Are Faculty Members Able To Build Good Online Courses – The Challenge of Content

on November 8 | in Administrator's Perspective, Course Creation, E-Learning, MOOCs | by | with 1 Comment

In general, most faculty members are classroom instructors who lack the skills and experience necessary to create good online courses.   There are several aspects which contribute to this assessment.

Professors are generally expert in an aspect of their fields.  That is, they are specialists in an increasingly specialized academic world.  Broad disciplines like economics, psychology, sociology, history and the physical sciences have in recent decades been carved into specialized sub-disciplines.   Faculty members are often hired in the sub-disciplines; that is, for example, a person is hired not as a professor of economics but as a professor of financial economics, or of experimental economics, etc.  The research faculty members do is in narrow sub-fields of the sub-disciplines of the broader disciplines – for example, in the capital markets sub-field of the sub-discipline of financial economics.  When teaching more generalized courses, faculty members rely on textbooks (or course packets gathered from multiple sources) for content.   What the instructors bring to the classroom is interpretation of the textbook; enhanced explanations; insightful commentary; exciting examples especially drawn from their own specialties; attention to the students and their needs for elucidation and support.  This is a great deal.

In consequence of increased specialization, most instructors do not have sufficient command of the subject matter of the course(s) they teach to create a full course.   This is especially true for the broad courses which constitute most of an undergraduate or master’s level professional curriculum.  It is less true of highly specialized courses in Ph.D.-level curricula in which the professor teaches primarily material with which she or he is intimately familiar.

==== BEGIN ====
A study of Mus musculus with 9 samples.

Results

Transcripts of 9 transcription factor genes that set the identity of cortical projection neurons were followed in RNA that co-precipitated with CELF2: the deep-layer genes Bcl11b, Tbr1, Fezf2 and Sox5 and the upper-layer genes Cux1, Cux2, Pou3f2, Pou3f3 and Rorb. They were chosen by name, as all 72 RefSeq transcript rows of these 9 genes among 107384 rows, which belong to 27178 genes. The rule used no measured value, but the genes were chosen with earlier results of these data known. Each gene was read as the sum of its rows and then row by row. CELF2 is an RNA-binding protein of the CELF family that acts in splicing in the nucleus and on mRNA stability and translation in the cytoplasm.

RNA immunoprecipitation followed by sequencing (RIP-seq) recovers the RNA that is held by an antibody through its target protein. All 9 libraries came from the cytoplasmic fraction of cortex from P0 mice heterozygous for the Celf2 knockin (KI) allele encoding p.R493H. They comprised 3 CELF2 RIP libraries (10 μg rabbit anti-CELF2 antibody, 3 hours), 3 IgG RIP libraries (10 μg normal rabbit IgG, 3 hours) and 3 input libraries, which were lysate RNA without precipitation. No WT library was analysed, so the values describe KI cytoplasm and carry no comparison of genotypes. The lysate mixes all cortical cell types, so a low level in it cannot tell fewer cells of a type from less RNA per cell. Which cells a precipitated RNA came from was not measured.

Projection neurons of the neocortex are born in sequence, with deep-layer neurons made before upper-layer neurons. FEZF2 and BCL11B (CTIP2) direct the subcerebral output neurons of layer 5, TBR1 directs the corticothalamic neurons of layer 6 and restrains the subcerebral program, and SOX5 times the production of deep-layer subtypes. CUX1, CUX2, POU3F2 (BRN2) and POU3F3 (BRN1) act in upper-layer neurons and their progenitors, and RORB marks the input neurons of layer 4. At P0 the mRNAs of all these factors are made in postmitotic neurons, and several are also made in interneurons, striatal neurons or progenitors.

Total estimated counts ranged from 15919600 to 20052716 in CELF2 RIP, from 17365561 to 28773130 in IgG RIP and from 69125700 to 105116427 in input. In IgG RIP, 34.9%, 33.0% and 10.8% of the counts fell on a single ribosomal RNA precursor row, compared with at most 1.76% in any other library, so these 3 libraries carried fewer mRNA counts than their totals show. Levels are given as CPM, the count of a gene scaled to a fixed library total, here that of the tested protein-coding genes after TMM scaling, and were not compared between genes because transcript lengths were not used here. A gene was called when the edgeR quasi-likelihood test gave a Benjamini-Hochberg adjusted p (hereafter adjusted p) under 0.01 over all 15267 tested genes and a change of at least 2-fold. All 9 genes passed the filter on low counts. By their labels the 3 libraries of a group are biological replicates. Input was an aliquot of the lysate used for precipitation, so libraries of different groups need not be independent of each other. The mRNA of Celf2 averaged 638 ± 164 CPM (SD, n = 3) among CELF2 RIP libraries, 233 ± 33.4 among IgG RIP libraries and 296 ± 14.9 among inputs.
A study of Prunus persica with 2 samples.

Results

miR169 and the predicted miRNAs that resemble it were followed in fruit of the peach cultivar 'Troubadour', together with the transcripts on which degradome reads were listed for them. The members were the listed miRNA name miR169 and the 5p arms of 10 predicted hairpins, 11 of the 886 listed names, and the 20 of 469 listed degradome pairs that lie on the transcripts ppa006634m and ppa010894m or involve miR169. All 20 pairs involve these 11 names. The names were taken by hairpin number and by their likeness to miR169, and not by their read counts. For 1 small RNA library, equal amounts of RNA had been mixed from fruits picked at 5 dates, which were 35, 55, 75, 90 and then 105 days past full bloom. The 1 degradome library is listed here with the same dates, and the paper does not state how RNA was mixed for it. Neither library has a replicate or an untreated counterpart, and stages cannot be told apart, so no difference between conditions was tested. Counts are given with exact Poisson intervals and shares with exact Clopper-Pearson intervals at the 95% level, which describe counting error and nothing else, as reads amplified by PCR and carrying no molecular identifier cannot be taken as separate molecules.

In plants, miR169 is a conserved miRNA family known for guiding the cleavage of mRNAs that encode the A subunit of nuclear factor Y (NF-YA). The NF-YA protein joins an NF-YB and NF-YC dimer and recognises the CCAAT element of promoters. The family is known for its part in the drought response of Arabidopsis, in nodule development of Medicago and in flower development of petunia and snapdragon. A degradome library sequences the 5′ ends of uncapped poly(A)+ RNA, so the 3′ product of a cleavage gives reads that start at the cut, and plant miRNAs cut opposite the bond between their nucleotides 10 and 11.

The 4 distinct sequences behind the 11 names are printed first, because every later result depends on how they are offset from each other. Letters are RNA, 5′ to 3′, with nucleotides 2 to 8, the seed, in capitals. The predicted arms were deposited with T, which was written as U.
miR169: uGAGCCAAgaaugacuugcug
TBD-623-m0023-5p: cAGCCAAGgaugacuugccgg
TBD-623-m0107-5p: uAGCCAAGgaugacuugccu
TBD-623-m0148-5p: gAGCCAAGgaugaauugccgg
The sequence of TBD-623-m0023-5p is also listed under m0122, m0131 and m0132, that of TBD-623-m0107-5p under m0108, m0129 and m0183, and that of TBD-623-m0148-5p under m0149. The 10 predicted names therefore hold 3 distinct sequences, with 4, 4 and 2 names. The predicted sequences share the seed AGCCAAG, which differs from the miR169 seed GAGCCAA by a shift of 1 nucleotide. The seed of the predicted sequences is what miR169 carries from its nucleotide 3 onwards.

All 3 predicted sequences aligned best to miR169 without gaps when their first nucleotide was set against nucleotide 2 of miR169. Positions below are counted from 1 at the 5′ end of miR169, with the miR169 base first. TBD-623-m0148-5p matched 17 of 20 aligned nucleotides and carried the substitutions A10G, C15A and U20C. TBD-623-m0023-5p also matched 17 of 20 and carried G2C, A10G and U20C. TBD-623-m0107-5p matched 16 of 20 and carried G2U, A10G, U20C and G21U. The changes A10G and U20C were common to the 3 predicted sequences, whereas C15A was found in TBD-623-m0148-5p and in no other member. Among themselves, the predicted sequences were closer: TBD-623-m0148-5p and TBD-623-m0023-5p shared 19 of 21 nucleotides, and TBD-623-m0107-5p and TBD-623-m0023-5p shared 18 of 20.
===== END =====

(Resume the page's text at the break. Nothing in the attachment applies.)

In general, instructors add considerable value to the institution and to students by their teaching, without being able to write their own textbooks or, most likely, author their own online courses.

This has two adverse consequences.

a.     A faculty member will have to do considerable work to up-date himself or herself with his or her field in order to prepare a full course.   He or she may not relish this new assignment and may believe he or she is entitled to additional compensation in some form (a lesser teaching load; a higher salary; a bonus; time off entirely from teaching and administrative responsibilities).

b.    A faculty member is likely to include assignments in traditional printed textbooks as part of an online course she or he authors.   In this case a student must still pay for a regular textbook and also may be charged for the online components of the course.  This will increase the cost to the student of course materials when there is already considerable complaint about current cost levels.

Because most instructors are not well-prepared to author on-line courses, the content of the new online courses may be inferior to that of courses produced and provided elsewhere.   Online, such comparisons are not difficult to make.  If this is the case, the institution involved will end up with sub-standard online courses prepared by their own faculty.   This is not likely to be a successful response to the challenge of the MOOCs.


  1. Judy says:

    nice! this green is more soothing, while mananiiting continuity with the old one.also, you'll probably find that the sidebar could use pruning anyway and this is a good time to do it.